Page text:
Apprenticing, Briefly

Farm apprenticeships explained and the farmer wannabes express cabin fever anxiety.

Our first season of actual farming on our own land will begin, cross your fingers, in the spring of 2019. As mentioned in our first post, we’ll be apprenticing at Ferme Alva Farm. (Serendipitously, the lady half of Ferme Alva Farm is Jodi’s Czech-Canadian childhood friend Eva. She and her partner Alain moved to New Brunswick many years ago and started their farm and family, doing precisely what we’re wanting to do. (Only, they’re formally qualified to do so) Like their parents, Eva and Alain’s children are on their way to becoming trilingual: French, Czech, and English, which means that even after leaving the Czech Republic, my inexcusable and disrespectful ignorance of the country’s impossible language will continue to gracelessly display itself for at least another six months. U-S-A! U-S-A!) I won’t speculate on what exactly we will learn at Ferme Alva Farm, but we both look forward to all the bubbles that will swell and all that will burst in the attendance of reality.

“An apprentice is given room and board . . . and a hands-on education in agriculture. The exchange is labor.”

Jodi and I didn’t even know that apprenticing was a thing until we started researching all the what’s and who’s of farming. In short, an apprentice is generally given room and board, sometimes a small stipend, and most importantly, a hands-on education in agriculture. The exchange is labor. There’s no uniformity in expectations from either side, but ideally, the dependency of one party checks the dependency of the other into ready civility. While the apprentice needs the master for food, shelter, and knowledge, the latter has calculated a season to include an extra set of hands. Both participants would suffer some level of hardship should one or the other douche out.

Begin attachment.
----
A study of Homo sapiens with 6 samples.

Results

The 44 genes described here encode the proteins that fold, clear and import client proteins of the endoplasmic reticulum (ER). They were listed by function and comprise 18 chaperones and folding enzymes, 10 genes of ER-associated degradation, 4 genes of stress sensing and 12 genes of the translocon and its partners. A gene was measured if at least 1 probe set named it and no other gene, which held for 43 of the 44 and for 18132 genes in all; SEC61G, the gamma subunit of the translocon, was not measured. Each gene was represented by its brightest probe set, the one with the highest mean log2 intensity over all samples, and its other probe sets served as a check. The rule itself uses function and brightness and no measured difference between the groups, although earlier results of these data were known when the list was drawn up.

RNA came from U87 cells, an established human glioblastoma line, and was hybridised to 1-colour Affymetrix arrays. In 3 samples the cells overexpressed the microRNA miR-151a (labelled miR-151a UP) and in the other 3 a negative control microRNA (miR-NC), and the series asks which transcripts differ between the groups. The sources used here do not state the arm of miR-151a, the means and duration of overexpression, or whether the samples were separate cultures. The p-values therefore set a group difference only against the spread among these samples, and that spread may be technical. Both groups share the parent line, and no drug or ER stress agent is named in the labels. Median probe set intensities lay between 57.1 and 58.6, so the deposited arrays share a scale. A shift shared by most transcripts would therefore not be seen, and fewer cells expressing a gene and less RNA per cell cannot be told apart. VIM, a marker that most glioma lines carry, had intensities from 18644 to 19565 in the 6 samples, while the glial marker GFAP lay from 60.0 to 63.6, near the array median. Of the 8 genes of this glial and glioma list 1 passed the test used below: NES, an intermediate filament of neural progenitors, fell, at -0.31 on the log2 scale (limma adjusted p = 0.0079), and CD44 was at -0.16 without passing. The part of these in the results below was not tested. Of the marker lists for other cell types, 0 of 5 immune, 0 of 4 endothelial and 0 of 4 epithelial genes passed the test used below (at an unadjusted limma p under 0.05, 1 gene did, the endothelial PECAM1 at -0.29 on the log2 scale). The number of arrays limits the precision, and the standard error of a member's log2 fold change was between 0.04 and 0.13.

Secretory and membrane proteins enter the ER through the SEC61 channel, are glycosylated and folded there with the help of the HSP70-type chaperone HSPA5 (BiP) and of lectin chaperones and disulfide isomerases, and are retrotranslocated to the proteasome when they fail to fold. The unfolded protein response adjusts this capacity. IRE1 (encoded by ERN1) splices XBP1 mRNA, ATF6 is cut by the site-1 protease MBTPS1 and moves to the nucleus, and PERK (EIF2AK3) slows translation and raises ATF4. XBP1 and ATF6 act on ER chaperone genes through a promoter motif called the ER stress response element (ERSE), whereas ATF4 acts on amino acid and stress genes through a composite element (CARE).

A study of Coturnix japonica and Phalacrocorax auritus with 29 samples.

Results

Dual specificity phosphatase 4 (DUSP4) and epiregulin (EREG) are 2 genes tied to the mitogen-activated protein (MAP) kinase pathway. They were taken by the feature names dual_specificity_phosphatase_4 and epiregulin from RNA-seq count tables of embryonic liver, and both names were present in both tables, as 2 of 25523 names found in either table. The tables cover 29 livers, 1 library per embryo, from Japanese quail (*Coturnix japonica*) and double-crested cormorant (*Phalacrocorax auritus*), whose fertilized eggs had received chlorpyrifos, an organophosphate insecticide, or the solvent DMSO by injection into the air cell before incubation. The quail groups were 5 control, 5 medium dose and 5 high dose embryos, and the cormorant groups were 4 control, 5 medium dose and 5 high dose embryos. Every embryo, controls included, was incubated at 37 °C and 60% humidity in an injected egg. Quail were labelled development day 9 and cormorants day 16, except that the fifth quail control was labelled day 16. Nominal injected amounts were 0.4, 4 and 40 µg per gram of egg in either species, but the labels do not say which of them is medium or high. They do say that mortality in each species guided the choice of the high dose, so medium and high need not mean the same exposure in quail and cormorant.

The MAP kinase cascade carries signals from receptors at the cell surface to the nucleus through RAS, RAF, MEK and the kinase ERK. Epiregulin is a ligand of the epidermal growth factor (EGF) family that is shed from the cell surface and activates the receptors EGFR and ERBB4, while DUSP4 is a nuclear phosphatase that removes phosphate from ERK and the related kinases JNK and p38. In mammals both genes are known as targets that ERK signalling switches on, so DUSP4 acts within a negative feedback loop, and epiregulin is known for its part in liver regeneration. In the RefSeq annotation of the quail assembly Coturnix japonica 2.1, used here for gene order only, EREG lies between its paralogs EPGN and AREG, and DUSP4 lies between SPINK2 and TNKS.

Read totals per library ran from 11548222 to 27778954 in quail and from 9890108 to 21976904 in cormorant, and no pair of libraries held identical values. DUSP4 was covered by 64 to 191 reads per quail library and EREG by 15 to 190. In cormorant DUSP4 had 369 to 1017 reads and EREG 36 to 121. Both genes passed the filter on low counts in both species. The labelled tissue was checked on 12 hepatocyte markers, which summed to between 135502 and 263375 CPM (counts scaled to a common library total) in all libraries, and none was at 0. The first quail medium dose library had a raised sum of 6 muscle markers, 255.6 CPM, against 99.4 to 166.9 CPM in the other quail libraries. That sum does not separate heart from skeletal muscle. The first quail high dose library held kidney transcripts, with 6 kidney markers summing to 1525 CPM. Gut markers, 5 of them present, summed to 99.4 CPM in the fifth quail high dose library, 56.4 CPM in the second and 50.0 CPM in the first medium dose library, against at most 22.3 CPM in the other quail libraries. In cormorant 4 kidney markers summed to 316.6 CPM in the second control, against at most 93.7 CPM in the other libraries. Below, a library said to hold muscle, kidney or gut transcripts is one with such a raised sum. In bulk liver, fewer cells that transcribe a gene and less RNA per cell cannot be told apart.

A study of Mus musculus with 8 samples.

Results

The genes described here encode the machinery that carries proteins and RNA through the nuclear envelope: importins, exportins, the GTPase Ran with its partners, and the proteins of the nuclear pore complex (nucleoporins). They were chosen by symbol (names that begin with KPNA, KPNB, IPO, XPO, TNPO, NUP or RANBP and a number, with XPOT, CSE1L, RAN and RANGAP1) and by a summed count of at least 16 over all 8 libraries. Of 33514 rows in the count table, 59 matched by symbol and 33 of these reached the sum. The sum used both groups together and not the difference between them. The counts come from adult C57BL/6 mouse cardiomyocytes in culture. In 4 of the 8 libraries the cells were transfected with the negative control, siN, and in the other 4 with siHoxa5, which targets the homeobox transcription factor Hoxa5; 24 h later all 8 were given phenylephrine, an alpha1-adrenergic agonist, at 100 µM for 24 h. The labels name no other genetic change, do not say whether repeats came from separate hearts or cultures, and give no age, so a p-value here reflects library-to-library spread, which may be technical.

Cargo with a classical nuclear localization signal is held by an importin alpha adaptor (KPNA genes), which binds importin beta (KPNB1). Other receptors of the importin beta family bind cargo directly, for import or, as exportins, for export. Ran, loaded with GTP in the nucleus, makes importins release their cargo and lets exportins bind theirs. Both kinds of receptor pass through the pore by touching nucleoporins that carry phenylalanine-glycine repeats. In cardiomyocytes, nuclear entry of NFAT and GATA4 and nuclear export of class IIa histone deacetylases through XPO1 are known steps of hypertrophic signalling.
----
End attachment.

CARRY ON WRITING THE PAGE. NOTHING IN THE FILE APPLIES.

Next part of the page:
We’ll be leaving the Toronto area for New Brunswick next week. We expect to work up a sweat at Ferme Alva Farm, while simultaneously viewing land in the surrounding countryside. If all goes as scheduled, we’ll be Lord and Lady of property by October. (More on purchasing land as the pressure mounts) It’s a snug timetable, made even more close-fitting by the winter that will be approaching. We’ll need to scratch up the land after sampling the soil; amend it with compost-y elements such as N, P, K, Ca, Mg, S* and/or whatever other inputs a soil test reveals to be lacking; insulate our prepared growing beds with straw so that all the beneficial microorganisms present don’t die over winter; and finally, endure the bone-chilling New Brunswick winter without choking each other out (or the cats). Sigh.

Elora, Ontario

*nitrogen, phosphorus, potassium, calcium, magnesium, sulphur. I only knew, like, two of these periodic symbols, but writing them out makes me feel like a boss.